From rookies to seasoned gardeners, Oklahoma gardening can be a challenge for many of us. Fortunately, there are folks out there to help us locate plants, shrubs and trees that not only survive our challenging climate, but ones that actually thrive. Each year, horticulturists from around the state choose plants for the Oklahoma Proven program that are appropriate for Oklahoma landscapes. Now in its 24th consecutive year, the Oklahoma Proven program has chosen a tree, shrub, perennial and annual that have been proven to grow well in Oklahoma’s diverse climate.
Tree: Trident Maple (Acer buergerianum) — a small, slow-growing, deciduous tree, reaching 20-25 feet tall. It’s easily grown in average to medium moisture and well-drained soil. While it prefers full sun, it can be placed in partly shaded areas of the landscape. It can tolerate some drought as well as soil compaction and air pollution. Leaves are glossy green on top and pale green underneath. This tree features flaky bark that reveals an orange-brown inner bark on mature trunks.
Shrub: Winterberry Holly (Ilex verticillate) (dwarf cultivars: Little Goblin, Berry Poppins, Red Sprite) — a deciduous holly that doesn’t feature the sharp teeth on the leaves commonly found on other hollies. Bright red berries remain on the branches throughout the winter, adding a splash of color in the landscape. Winterberry is a globular, medium-sized shrub that grows to 10-20 feet tall. The dwarf cultivars that have been developed are perfect for those with limited outdoor space.
Perennial: Turk’s Cap (Malvaviscus arboreus var. drummondii) — has bright red flowers resembling a hibiscus flower that never fully opens. The overlapping petals form a loose tube that resembles a Turkish hat. These flowers appear later in the summer heat and early fall. While a good ornamental for shady landscapes, it can be adapted to thrive in full sun and heavy soil. The hotter Oklahoma sun can cause the leaves to become rougher, smaller, darker and puckered. However, once established, it is very drought tolerant. As a bonus, hummingbirds, butterflies, moths and other insects benefit from the plant’s nectar.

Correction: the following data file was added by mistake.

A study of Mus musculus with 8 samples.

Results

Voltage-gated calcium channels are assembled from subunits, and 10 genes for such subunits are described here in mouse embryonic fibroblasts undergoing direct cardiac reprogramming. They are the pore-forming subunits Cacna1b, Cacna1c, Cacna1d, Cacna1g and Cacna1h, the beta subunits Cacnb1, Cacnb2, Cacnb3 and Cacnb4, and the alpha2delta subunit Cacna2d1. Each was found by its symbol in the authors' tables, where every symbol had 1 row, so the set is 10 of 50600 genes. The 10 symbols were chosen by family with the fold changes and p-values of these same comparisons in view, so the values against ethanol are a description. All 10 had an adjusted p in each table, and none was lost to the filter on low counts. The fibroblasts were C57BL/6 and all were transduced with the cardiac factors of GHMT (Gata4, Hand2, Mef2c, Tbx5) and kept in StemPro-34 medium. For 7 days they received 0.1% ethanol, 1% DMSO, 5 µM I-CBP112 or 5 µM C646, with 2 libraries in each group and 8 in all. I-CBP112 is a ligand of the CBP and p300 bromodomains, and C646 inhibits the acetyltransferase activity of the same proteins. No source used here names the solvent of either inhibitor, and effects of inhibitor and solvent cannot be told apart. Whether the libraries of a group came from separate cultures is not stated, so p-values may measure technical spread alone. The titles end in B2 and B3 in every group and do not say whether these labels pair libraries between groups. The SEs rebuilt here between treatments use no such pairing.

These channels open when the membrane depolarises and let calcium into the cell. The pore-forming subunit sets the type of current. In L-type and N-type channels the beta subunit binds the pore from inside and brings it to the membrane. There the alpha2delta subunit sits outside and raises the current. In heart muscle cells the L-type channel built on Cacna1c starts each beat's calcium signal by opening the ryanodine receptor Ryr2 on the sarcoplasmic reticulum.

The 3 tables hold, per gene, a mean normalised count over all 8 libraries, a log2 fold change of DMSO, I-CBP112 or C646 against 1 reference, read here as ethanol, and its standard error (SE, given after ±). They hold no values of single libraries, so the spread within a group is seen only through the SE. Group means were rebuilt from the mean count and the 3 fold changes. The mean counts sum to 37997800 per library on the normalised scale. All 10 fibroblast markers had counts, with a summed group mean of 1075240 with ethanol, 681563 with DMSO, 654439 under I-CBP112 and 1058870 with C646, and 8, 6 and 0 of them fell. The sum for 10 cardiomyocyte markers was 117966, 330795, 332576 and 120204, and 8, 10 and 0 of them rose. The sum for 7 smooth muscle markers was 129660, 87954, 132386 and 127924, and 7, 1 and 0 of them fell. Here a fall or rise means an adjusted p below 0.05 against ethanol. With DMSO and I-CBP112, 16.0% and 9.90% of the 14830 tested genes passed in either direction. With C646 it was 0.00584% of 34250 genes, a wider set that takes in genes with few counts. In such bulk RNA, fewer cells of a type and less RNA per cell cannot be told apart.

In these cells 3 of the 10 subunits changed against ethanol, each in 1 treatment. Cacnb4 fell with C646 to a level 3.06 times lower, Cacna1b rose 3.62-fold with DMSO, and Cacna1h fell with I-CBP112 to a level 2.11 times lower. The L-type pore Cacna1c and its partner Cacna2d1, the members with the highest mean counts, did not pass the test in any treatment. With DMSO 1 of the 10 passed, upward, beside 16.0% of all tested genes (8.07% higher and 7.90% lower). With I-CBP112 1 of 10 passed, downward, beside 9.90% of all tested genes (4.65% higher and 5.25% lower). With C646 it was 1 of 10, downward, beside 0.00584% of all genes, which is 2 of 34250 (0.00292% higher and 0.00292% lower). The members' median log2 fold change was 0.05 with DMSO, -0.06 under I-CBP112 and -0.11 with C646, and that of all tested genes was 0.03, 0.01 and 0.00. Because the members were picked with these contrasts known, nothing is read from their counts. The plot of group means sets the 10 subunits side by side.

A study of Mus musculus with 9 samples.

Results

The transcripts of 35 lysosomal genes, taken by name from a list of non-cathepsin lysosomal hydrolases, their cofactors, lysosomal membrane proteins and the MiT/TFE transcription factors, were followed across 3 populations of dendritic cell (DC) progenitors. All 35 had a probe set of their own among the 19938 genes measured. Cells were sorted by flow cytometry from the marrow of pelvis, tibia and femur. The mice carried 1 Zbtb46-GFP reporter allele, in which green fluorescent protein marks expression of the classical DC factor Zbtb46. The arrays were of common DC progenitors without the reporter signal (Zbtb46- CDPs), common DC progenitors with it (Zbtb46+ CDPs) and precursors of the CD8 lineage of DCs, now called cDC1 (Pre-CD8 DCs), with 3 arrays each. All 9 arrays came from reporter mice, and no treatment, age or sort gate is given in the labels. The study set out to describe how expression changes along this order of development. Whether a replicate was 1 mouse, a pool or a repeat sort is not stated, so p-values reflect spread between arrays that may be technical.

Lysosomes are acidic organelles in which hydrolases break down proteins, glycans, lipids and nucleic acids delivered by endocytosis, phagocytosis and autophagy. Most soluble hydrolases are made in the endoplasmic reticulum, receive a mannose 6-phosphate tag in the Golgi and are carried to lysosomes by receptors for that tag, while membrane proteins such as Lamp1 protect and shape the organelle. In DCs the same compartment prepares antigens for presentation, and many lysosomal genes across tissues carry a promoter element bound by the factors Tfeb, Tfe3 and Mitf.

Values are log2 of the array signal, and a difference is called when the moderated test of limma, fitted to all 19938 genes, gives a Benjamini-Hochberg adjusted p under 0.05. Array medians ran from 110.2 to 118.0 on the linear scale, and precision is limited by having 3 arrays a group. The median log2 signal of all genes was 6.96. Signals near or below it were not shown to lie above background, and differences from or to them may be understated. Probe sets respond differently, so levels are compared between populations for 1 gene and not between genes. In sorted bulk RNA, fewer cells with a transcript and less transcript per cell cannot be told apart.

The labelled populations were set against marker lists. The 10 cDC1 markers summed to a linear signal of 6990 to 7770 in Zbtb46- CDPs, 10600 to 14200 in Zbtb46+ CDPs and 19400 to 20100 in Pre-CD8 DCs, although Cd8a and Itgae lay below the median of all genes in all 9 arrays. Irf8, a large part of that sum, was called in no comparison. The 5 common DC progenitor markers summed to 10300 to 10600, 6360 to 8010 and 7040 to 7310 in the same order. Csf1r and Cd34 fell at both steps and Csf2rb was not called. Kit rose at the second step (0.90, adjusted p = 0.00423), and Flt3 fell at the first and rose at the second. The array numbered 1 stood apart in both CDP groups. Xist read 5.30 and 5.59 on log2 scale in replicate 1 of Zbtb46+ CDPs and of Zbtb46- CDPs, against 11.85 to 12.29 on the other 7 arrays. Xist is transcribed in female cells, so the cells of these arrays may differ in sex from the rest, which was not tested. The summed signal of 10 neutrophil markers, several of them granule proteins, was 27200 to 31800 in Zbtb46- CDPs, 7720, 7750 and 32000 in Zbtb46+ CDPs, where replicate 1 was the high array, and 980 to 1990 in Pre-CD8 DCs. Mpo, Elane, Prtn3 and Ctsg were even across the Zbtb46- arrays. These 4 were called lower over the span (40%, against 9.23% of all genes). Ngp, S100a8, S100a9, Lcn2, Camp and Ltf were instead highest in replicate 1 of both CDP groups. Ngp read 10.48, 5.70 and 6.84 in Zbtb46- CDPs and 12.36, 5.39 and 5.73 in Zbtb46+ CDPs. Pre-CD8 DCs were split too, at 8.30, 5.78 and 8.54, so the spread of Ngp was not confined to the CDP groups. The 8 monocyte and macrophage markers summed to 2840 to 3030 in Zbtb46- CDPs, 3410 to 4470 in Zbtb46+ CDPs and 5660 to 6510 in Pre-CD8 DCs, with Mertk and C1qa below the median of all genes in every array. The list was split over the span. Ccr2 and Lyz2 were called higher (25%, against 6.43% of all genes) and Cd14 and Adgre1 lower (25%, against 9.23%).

Annual: Cape Plumbago (Plumbago auriculata) — a weak-stemmed perennial evergreen shrub. While it can grow 7 feet tall and 8-10 feet wide in its native habitat, it is treated as an annual in Oklahoma where it generally reaches only 2-4 feet high and wide each season. It is a great choice for patios and decks as it can be grown in containers. This plant is kept compact in the landscape by periodic pruning. Hard pruning will encourage new growth for the coming season. It can overwinter indoors. It grows best in organically rich, fertile and well-drained soil in full sun to part shade. If planting in the landscape, select a spot that is protected from strong winds. While it thrives in consistently moist soils, established plants are moderately drought tolerant.
Visit oklahomaproven.org to see more information about the 2023 selections along with photographs from collections over the past 24 years.
Thank you to Tulsa County Master Gardeners for their expertise. Allen Robinson has been a Master Gardener since 2010.